March 31, 2018
March 2018 at Policy Integrity:
- Litigation on DACA, Car Standards, Coal Leasing, and Zero-Emissions Credits;
- Valuing Pollution Reductions – New Report;
- How the Trump Administration Is Obscuring the Costs of Climate Change;
- Helping California Improve Energy Decisionmaking;
- Public Comments on Energy, Climate, and Health Care;
- New Articles on Monuments, Fossil Fuel Leasing, Energy Storage, and Public Comment Process;
- In the News: Scott Pruitt and Climate Skepticism
This month, we submitted briefs in major cases on immigration policy, fuel-economy standards, coal leasing, and New York State climate policy.
In our brief opposing rescission of the Deferred Action for Childhood Arrivals Program, we argue that the Trump administration’s “litigation risk” rationale for terminating DACA was irrational.
Our brief in a case challenging the administration’s delay of penalty increases for car manufacturers’ non-compliance with fuel economy standards argues that this delay harms the public by removing incentives for fuel efficiency, thus increasing air pollution and damages from climate change.
Our brief in a challenge to the Forest Service’s expansion of Colorado’s West Elk Coal Mine argues that the agency must monetize climate damages to make the project’s impacts transparent. Merely acknowledging that expanded coal production will increase greenhouse gas emissions is not enough to satisfy National Environmental Policy Act requirements.
Our brief defending New York State’s Zero-Emissions Credit Program argues that the state’s use of the Social Cost of Carbon as the basis for its pricing is just and reasonable.
Distributed energy resources, such as rooftop solar installations and energy storage systems, can help avoid greenhouse gases and local air pollution produced by fossil-fuel-fired energy sources. Our new report shows how state electric utility regulators can calculate the types and amount of pollution these technologies help avoid, and then monetize these benefits for use in policy. We have presented this methodology in New York State’s proceeding on the Value of Distributed Energy Resources. Our Energy Policy Director, Burcin Unel, is leading a group of stakeholders working to quantify and monetize environmental externalities, which New York could use in its new compensation system for distributed energy resources.
When federal and state policymakers account for the impacts of climate change, they regularly use the Social Cost of Carbon (SCC) to monetize the impacts of climate change. Our new issue brief charts how the Trump administration is manipulating federal estimates of the costs of climate change from $51 per ton of carbon dioxide to as little as $1 per ton, and using this problematic calculation to justify deregulatory actions. We also explain why federal agencies and state governments should continue using the most recent estimate by the Interagency Working Group that developed the SCC.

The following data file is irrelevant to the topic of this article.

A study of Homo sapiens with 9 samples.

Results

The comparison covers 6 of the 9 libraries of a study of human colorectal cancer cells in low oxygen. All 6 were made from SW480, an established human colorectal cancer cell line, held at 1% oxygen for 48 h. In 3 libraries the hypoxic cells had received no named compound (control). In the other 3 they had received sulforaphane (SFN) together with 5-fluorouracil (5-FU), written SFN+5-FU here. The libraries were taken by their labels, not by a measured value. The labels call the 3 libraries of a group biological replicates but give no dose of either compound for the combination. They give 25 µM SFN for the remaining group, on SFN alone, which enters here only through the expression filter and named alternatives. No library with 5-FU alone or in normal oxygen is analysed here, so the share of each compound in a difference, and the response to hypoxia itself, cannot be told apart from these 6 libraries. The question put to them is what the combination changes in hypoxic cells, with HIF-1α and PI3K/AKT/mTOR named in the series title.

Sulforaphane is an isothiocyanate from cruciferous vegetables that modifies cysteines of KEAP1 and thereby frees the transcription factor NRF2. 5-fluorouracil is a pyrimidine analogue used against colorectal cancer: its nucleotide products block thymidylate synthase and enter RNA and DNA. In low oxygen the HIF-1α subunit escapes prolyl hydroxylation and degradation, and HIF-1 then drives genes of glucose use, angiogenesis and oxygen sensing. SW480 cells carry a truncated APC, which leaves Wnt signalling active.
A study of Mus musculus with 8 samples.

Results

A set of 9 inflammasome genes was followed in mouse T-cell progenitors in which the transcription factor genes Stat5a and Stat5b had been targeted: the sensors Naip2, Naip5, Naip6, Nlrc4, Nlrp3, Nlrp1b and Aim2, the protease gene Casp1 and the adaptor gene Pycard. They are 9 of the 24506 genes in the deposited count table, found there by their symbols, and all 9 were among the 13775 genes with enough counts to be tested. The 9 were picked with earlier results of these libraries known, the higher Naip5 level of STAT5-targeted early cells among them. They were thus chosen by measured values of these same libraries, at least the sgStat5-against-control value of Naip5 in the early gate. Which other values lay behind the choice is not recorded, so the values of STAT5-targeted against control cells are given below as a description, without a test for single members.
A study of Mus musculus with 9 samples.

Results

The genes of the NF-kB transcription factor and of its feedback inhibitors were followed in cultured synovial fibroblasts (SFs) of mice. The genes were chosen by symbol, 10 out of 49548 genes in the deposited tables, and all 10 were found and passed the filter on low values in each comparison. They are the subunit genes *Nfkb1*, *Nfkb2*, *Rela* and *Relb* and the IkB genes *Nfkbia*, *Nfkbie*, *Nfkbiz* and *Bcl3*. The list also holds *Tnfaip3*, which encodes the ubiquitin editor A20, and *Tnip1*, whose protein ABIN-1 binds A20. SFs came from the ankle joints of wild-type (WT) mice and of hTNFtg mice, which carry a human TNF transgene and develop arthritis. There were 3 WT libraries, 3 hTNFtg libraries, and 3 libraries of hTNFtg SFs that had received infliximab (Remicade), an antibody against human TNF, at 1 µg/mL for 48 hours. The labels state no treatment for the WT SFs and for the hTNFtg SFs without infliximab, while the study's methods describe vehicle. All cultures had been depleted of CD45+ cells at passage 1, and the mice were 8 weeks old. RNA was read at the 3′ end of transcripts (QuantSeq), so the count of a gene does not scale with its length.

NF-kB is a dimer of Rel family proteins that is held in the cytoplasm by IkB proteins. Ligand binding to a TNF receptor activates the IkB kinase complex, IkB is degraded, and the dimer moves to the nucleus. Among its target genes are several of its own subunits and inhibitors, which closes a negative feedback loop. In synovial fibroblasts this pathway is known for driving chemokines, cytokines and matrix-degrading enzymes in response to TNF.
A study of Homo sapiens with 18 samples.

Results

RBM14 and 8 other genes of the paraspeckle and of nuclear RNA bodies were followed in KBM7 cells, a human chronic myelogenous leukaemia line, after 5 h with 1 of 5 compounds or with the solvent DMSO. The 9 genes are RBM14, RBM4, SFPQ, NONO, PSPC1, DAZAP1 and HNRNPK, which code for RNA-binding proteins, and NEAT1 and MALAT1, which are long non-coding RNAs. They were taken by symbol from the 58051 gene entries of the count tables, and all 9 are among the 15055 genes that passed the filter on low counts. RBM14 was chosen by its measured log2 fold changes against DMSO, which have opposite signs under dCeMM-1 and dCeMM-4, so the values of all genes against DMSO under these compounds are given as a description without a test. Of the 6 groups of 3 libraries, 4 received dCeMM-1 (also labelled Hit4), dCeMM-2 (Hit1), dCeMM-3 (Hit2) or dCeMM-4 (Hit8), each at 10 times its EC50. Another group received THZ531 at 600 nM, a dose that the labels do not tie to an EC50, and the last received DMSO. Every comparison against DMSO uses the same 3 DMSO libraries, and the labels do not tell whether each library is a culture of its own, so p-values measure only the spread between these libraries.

California has long set national trends on clean energy policy, and our input helped inform the state’s new approach for evaluating distributed energy resources (DERs), such as rooftop solar installations. Our comments were heavily cited in a recent administrative law judge ruling that, if approved by the California Public Utilities Commission, would require utilities to quantify the environmental benefits of DERs as part of a societal cost test. Having been “persuaded by the arguments of the Institute for Policy Integrity,” the ruling would make utilities calculate the climate benefits of DERs by using the Interagency Working Group’s Social Cost of Carbon estimate, while also quantifying the air quality impacts of DERs.
In recent public comments to a number of federal and state agencies, we address policy proposals on oil and gas development, energy efficiency standards, climate policy, and access to healthcare.
In the wake of the Trump administration’s move to shrink multiple national monuments, our Policy Director, Jayni Hein, has published an article arguing that the presidential powers to designate national monuments and withdraw areas from offshore oil and gas leasing operate in one direction only: towards preservation. Hein reviews relevant statutes, constitutional provisions, legislative history, and the public trust doctrine to argue that Congress, alone, has the authority to reverse or diminish these designations.
In another article, Hein outlines how federal agencies can maximize social welfare in federal energy leasing by adjusting the fiscal terms of coal, oil, and natural gas leases. She argues that agencies can and should account for all of the costs and benefits of leasing—including environmental and social costs—and adjust the fiscal terms of fossil fuel leases, such as royalty rates, to recoup unmitigated externality costs.
Richard Revesz and Burcin Unel also recently published an article questioning the assumption that increasing the use of energy storage will automatically reduce greenhouse gas emissions. They explore situations in which energy storage systems can lead to increased emissions, and they offer reforms to correct for these poor incentives while ensuring energy storage systems can provide the maximum benefit possible to the grid.
Michael Livermore co-authored an article on how natural language processing technology could improve regulatory decisionmaking by helping federal agencies better process the input in public comments.
In the New Yorker’s recent profile of Scott Pruitt, Jayni Hein and Bethany Davis Noll discuss how the Environmental Protection Agency under Pruitt is skirting the law to delay environmental protections.
In an op-ed for the Hill, Richard Revesz commended the decision to cancel Pruitt’s “red team-blue team” debate on climate change science. Revesz states that this type of debate “would have undermined, rather than increased, public understanding of a critical issue.”